Wednesday, August 25, 2010
Ever have one of those days when your life as you know it changes in a split second? In one week, two phones calls changed our lives forever.
March 23rd, we get a phone call from our daughter-in-law. The doctors in the ER think our son has some form of blood cancer. But they needed to do a bone marrow biopsy to confirm. Just like that. The kid that was never sick, the kid that always ate right, stayed active & was in tip top physical shape. Holy shit. How? Why? What did he ever do to deserve this?
2 days later, the bone marrow biopsy came back, 91% blasts (cancer cells), two types of leukemia. that's our boy, so competitive that he has to get not one, but two types.
Family & friends quickly rallied. Bringing meals to the hospital every day, a logo was made, t-shirts printed & sold to help our son with bills. Long lost relatives suddenly calling, sending cards, money & best wishes. Tattoos were done. Millions of tears fell. Grudges forgotten. Prayers said. Held on to hope that he didn't have cancer, just sever anemia or some nasty bug. The leukemia ribbon is orange, so our son's best friend designed his ribbon with the Bengal tiger stripes.
From day one, our son amazed the doctors, when he was admitted, his blood levels were the lowest they have ever seen from someone walking into the emergency room. Most people with that low of blood levels have their heart give out. When son said he played basketball just a couple days ago, the doctors jaws dropped to the floor.
He instantly become the favorite patient. Nurses fell in love with him & started fighting over who got to be his nurse, doctors stopped by to see the boy wonder. Rumors of his case being written in medical journals.
Our son responded very well to the aggressive chemo treatments. Very few side effects, but he did lose his hair.
He is now in remission, finishing up his chemo & anxiously wanting to get his life back.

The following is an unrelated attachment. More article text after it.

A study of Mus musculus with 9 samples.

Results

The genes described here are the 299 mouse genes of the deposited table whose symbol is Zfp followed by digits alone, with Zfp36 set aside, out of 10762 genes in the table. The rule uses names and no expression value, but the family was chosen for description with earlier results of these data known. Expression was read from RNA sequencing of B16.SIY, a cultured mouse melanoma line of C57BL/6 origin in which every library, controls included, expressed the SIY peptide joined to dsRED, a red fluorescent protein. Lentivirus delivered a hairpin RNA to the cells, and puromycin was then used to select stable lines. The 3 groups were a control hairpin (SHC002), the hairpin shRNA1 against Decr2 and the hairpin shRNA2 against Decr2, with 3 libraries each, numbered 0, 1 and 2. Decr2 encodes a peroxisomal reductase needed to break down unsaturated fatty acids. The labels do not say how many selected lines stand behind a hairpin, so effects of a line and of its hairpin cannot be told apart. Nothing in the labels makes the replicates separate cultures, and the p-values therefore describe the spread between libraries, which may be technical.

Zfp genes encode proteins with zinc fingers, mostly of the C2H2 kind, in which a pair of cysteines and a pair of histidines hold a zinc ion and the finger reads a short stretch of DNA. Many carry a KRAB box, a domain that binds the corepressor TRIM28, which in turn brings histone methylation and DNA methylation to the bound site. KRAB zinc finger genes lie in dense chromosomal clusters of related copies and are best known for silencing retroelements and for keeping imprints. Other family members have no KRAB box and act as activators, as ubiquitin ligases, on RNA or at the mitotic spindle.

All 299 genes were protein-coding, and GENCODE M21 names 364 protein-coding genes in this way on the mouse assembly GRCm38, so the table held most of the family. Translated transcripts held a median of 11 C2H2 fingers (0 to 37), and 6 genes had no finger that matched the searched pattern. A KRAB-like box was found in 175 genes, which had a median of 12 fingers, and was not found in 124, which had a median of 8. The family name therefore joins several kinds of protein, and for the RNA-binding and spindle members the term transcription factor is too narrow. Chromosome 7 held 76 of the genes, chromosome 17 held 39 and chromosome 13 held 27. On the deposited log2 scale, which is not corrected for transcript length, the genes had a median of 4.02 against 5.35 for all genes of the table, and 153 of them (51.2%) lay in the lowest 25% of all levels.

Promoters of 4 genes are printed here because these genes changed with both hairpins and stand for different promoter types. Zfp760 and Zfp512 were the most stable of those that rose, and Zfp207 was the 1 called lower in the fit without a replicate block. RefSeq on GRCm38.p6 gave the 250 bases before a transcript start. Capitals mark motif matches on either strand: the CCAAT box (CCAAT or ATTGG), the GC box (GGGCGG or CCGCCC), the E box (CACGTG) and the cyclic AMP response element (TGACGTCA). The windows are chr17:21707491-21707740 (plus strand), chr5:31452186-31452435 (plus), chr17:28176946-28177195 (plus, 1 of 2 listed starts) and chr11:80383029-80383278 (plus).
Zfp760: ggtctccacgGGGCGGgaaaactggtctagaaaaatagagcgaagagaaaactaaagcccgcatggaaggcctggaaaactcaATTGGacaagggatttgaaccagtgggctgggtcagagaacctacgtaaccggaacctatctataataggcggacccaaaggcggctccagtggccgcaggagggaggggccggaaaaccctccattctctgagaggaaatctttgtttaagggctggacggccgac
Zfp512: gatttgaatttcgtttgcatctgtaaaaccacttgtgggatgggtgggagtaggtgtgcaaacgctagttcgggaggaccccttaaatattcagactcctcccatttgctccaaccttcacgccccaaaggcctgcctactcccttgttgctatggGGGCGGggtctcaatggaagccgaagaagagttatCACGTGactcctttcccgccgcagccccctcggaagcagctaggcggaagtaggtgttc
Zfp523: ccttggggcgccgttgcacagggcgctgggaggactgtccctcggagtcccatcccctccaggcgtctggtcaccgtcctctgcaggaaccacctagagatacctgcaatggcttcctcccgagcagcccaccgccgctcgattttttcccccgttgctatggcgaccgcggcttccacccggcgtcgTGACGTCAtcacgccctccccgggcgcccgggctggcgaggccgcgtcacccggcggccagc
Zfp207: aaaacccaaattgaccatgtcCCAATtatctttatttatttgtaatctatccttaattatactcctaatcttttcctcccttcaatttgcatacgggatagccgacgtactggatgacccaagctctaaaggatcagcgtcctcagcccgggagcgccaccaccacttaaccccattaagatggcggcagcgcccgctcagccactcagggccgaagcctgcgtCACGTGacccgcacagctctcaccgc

March 25th. The second life changing phone call happened during our sons first bone marrow biopsy. A group of 10 bikers sitting at a red light were plowed into from behind by a guy driving a dump truck. Bikes exploded, on fire, bodies were run over or thrown across the road.
3 were killed instantly, another lost her life later at the hospital. Other were injured, some pretty bad, a couple were lucky with just a few scrapes & broken bones.
Bikers through out the whole state were calling their buddies to see if it was them or if they knew who was involved. The first reports didn't say if it was just a group of friends, a club or an organized public ride. Everyone was calling everyone they knew. "Are you ok?" "Do you know who it was?" "How could this happen?"
After this made national news, I even got a text from a biker buddy in Strathmore England.
How could I deal with this, while our son was just diagnosed with two types of leukemia? How would I handle this if I knew the people involved?
Finally got word on what group it was & who the victims were. I recognized a couple names & the club, but didn't know anyone personally.
The community, bikers & non-bikers became angry. Fund raisers were organized & the love & support from the non-biker world was amazing. A young boy that witnessed the accident used his allowance to buy a bandanna for the make shift memorial where the accident happened. A young boy, maybe 8 or 9, he should have never ever seen anything like this, but was so concerned about the bikers.
We need to ride back out to the accident site. it seems that we have avoided that area, where we use to ride by quite often. I've heard that a welder made a permanent memorial. & A lady took all the bandannas to make a quilt to sell to help the surviving victims.
The dump truck driver tested positive for meth. & Is being charged with manslaughter.